My top training exercise: Yazmin Pinchen


Varying distances

“One of the jumping exercise I practice the most is to place two small jumps, about 60cm in height, five strides apart (approximately 22m) down the long side of the arena. After riding five strides between the fences, I then vary it by shortening the canter so you do six, seven and eight strides in between the jumps, or riding more forward so that you just have four strides in between. The idea is to be able to vary how many strides you get while keeping a a smooth rhythm, which is an essential skill when it comes to riding courses.

What horse does it suit?

This exercise is one I will often do with my more established horses – they have good balance and can shorten and lengthen easily. Of course it’s also suitable for younger horses, but depending on their stage of training it can be more difficult for them to shorten their pace. It’s a case of lots of repetition and plenty of patience, so that you teach the horse to adjust his stride smoothly. With a very novice horse you could do this exercise with poles on the ground, and once you move on to small fences it is probably better to aim for just six strides at first instead of asking him for more – keep to a happy medium that you’re both comfortable with.

Why is it beneficial?

A showjumper must be able to adjust his stride smoothly as soon as you ask, especially when you’re in the ring – perhaps there’s an awkward related distance, or you need to adjust his stride to meet a fence correctly. This ability to adjust the stride only becomes achievable after repetition upon repetition. Try to get that smooth transition between the more forward and more collected canter every time until your horse instantly responds to the aids. Also, remember the transition doesn’t just come from the reins – try raising your hands very slightly, sitting deep in the saddle and, of course, using your core (think of holding in your stomach muscles) and keeping your legs on to teach the horse to take more weight in his hind leg and ‘sit’ more in the canter.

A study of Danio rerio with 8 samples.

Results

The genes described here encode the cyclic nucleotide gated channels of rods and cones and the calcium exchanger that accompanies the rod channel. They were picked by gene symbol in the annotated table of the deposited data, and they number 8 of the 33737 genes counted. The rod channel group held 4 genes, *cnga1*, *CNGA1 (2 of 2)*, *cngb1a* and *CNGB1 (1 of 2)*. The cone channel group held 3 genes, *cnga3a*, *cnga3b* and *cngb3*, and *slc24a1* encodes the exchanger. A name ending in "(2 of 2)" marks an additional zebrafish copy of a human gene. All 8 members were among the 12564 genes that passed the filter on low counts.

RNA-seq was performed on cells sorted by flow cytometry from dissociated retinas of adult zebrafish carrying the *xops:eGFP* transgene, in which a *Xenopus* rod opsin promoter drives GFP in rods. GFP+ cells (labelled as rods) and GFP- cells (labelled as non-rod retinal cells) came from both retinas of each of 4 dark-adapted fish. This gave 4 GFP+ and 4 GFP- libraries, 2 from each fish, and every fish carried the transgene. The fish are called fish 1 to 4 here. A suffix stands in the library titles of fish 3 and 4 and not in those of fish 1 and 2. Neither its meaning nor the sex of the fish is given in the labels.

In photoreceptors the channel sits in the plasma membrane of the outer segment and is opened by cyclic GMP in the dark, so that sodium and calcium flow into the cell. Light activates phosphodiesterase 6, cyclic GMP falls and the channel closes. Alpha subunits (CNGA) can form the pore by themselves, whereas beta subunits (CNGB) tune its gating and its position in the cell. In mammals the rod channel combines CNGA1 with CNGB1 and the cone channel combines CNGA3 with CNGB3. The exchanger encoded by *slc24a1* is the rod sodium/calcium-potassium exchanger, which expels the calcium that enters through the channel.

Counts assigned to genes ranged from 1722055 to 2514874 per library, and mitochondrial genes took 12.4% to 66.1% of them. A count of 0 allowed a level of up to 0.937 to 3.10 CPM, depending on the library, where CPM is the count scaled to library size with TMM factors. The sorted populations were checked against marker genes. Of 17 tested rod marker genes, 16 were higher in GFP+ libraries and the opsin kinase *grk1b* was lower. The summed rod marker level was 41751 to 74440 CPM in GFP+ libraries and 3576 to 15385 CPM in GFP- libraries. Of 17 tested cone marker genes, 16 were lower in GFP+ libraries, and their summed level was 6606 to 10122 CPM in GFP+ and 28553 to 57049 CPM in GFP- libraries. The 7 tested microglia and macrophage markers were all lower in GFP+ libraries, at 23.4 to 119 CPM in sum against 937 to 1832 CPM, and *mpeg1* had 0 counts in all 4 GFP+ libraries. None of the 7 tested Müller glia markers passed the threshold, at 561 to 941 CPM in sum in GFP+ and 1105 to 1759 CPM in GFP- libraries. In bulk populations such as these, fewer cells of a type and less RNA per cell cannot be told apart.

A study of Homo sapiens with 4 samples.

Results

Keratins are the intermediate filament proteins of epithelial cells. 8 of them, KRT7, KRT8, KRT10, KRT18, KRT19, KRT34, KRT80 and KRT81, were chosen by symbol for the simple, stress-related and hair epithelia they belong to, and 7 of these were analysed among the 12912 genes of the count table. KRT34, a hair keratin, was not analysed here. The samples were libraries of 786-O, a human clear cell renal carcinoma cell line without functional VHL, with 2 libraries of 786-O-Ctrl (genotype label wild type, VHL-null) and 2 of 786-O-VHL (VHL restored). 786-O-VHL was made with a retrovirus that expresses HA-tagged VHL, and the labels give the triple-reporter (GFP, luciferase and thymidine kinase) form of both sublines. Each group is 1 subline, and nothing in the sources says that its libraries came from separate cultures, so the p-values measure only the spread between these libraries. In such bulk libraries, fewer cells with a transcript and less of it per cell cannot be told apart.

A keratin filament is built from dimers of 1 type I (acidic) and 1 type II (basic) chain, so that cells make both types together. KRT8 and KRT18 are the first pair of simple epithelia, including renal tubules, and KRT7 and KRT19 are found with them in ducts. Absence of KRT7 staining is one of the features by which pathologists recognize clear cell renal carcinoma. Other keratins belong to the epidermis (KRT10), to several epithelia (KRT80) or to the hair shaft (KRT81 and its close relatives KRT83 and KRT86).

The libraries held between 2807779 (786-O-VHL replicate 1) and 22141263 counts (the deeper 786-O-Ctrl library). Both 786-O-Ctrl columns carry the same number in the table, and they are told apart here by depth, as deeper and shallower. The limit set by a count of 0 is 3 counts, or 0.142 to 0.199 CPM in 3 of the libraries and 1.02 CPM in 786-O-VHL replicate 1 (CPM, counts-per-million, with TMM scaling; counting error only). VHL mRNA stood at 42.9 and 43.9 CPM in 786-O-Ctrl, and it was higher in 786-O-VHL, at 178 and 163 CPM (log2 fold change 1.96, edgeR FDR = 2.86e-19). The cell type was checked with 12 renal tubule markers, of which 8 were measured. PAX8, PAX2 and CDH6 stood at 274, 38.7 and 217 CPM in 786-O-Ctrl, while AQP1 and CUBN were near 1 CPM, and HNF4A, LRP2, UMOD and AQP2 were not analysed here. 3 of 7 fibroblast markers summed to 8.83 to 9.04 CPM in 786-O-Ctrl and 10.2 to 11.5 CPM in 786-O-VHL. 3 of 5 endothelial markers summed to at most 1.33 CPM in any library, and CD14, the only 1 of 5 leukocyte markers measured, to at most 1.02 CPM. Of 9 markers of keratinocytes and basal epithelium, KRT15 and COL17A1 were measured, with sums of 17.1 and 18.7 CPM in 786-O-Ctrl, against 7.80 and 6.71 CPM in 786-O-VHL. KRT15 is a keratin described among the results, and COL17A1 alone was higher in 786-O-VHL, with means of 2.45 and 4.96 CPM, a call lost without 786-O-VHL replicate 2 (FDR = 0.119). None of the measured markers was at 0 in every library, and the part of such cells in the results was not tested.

How to ride the exercise

Your horse or pony should be fully warmed-up and have jumped a few small fences before you begin. Then, come to the first fence in an active, rhythmical canter. Maintain a balanced position over the first one, and continue to the second fence in a nice, even rhythm, aiming for five canter strides between the jumps. Once you’ve mastered that, approach in the same canter but as you go over the first jump, think about quickly returning to an upright upper body position, keeping your heels down, the lower leg secue and very slightly raising your hands – this will encourage your horse to shorten his stride to make six strides. Using your voice also helps to slow him down. If you want to take a stride out to make four strides, approach the first jump with a more active pace but be careful to maintain a still and secure body position. Keep varying the amount of strides you do between the two jumps until you can do it perfectly and you and the horse feel confident.

Making it harder

Once you’ve mastered this exercise, do the same thing but with the two fences set up on a ‘dog leg’ (curved line).


This exercise won’t be perfect every time but that’s no problem! The good thing is if you make a mistake the jump is only small so neither rider or horse will panic. One of the most common things that can go wrong is for your horse to get unbalanced in the canter – so if this is happening, try working on the flat for a while and practise riding the canter more forward then shortening it on a large circle.

Don’t worry if you end up too close or far away at one of the fences – just come round again, keep a good position with your body and keep the canter as balanced and rhythmical as you can. It is simply about repetition, which helps the horse learn and trains your eye to spot a stride.”